When we first started designing websites in the mid-90s, accessibility wasn’t given much thought. The web, at that time, was less vital for businesses and, besides, there wasn’t as much you could “get wrong” with a site due to the limitations in internet browsers. In other words, you couldn’t do very much neat stuff, but you also couldn’t make something that was too disasterous.
But today, the web and web design have matured a lot. There’s a lot more to think about when designing a site. There are a lot more people who do site design, many without knowing or understanding how to make an effective site that works for your business (no, “cool” is not enough to make a good site). And there are bigger stakes – you, as a small business owner, need to be sure your site is being found and read by potential customers.
Accessibility is important because the potential audience of people who could view your website is much larger than it was even a few years ago. You don’t want to leave anyone out. But there’s a benefit beyond appealing to the small percentage of users with disabilities who may visit your site. You see, by considering what you need to do to make your site accessible, you generally end up improving usability for everyone who visits.
Uses good navigation. A blind person using a reader may be able to find his or her way around your site more easily when the navigation is clear and consistent. So will a sighted person.
Uses good color choices. Make sure text is as legible as possible – usually dark text on a light background. This makes it easy on everyone’s eyes. We recently got some great feedback from a client with a color-blind employee about good color combinations – up to 10 percent of men in the U.S. have some form of this, so it’s an important consideration.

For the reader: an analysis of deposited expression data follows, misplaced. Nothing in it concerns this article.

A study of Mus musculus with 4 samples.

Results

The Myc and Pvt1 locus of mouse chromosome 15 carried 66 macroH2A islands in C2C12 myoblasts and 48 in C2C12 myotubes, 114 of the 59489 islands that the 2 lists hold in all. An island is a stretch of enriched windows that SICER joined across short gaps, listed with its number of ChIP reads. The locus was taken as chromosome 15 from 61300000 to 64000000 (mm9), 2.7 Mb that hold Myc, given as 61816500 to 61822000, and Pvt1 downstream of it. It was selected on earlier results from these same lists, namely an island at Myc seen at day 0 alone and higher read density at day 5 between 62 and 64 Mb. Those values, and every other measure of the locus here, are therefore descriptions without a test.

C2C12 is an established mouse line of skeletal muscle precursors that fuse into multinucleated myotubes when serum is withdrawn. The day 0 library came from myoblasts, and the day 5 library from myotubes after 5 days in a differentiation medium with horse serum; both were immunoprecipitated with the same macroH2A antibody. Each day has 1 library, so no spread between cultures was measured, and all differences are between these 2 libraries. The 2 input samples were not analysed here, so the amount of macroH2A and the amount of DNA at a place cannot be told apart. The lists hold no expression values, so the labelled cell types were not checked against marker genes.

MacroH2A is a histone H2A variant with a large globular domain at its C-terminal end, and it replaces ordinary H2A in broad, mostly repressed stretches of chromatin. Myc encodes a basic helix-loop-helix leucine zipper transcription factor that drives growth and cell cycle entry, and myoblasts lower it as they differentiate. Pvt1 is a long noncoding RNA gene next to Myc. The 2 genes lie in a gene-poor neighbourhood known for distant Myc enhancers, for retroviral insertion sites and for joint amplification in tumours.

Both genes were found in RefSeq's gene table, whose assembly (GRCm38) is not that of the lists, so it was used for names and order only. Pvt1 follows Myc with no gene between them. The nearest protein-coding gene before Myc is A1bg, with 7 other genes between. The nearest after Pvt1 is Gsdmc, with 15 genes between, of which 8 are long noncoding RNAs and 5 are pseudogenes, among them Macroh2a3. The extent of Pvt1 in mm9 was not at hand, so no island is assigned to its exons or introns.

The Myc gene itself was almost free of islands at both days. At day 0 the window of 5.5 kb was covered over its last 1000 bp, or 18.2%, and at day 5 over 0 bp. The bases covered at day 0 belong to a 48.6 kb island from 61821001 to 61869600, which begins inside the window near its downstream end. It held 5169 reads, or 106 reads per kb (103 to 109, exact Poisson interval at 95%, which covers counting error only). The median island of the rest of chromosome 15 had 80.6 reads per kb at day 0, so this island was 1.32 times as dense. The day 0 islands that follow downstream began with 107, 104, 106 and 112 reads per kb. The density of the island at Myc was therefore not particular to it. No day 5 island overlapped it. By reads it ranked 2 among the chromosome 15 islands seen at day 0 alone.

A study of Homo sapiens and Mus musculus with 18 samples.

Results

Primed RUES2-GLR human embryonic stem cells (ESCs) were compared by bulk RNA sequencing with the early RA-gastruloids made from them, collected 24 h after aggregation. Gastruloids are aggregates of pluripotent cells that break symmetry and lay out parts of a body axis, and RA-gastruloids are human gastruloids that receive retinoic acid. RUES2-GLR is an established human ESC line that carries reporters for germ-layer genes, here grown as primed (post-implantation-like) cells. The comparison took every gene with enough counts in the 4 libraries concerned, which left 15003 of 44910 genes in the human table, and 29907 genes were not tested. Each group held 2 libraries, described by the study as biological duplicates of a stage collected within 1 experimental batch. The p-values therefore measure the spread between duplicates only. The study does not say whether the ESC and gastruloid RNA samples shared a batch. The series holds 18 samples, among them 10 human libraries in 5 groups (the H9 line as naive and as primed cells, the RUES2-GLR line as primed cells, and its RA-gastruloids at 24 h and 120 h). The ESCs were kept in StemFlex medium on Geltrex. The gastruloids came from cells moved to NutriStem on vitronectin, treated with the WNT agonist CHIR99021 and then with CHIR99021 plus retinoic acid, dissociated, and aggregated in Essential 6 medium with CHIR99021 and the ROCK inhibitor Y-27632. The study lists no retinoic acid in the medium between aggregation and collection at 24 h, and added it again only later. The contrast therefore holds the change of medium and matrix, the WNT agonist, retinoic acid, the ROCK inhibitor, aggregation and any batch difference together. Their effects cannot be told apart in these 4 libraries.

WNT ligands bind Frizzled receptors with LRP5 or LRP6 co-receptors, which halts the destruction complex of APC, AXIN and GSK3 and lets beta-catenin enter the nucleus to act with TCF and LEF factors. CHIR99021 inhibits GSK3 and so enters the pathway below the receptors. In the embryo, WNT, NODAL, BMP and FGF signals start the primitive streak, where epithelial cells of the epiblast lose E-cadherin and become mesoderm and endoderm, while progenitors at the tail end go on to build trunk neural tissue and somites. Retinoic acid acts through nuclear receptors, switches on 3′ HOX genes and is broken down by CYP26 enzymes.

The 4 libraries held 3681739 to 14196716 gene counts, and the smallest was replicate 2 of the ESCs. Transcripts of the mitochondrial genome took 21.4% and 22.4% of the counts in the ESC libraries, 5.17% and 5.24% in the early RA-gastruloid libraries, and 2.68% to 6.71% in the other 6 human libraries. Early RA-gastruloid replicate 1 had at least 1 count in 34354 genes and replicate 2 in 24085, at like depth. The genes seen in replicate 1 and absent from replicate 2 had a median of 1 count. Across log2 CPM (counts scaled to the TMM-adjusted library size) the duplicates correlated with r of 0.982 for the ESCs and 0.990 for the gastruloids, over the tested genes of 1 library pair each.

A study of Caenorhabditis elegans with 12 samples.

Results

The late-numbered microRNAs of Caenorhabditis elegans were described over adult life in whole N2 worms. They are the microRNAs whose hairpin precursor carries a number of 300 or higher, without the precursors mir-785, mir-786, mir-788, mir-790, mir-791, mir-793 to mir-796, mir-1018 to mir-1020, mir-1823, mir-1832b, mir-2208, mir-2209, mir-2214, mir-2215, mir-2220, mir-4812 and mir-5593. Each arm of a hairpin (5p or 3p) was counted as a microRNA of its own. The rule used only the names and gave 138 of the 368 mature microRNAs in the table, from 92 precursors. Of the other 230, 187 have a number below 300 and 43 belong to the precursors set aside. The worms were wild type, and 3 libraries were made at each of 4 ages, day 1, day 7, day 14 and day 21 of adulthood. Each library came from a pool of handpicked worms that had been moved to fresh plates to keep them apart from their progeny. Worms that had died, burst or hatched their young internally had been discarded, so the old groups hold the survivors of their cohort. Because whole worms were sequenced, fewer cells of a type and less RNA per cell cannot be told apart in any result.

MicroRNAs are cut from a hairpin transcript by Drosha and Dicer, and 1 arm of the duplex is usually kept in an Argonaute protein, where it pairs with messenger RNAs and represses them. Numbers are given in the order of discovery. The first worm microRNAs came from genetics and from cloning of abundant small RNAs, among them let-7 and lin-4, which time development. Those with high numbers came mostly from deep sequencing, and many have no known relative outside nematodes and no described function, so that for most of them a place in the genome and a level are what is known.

Works on many different types of computers. Someone using a reader will benefit from a simple, well-thought-out design that adheres to web standards, limits technologies like Flash, and clearly identifies what content is most important on your site. Someone using a mobile phone will also have an easier time using your site.
Includes well-written content. Good writing helps make your message understandable to those using readers. It also makes your message clear to everyone else. Text that is optimized for the way people read a screen (as opposed to a printed page) is important, too. Remember to make sure your writing matches the reading level of your target audience. Not everyone is a professional with a master’s degree – keep it simple.
Makes smart use of text identification and captions. An “alt” tag can be used to describe what’s in an image on your website. Your site’s “alt” tags should have clear but concise descriptions, and in addition, you should make sure that your photos and illustrations have informative captions. Multimedia files like audio and video should have good descriptions of what they contain. This will help your standing in search engines as well as appeal to all your visitors.
Thinking about accessibility for all visitors to your website is going to help you make your site better for everyone.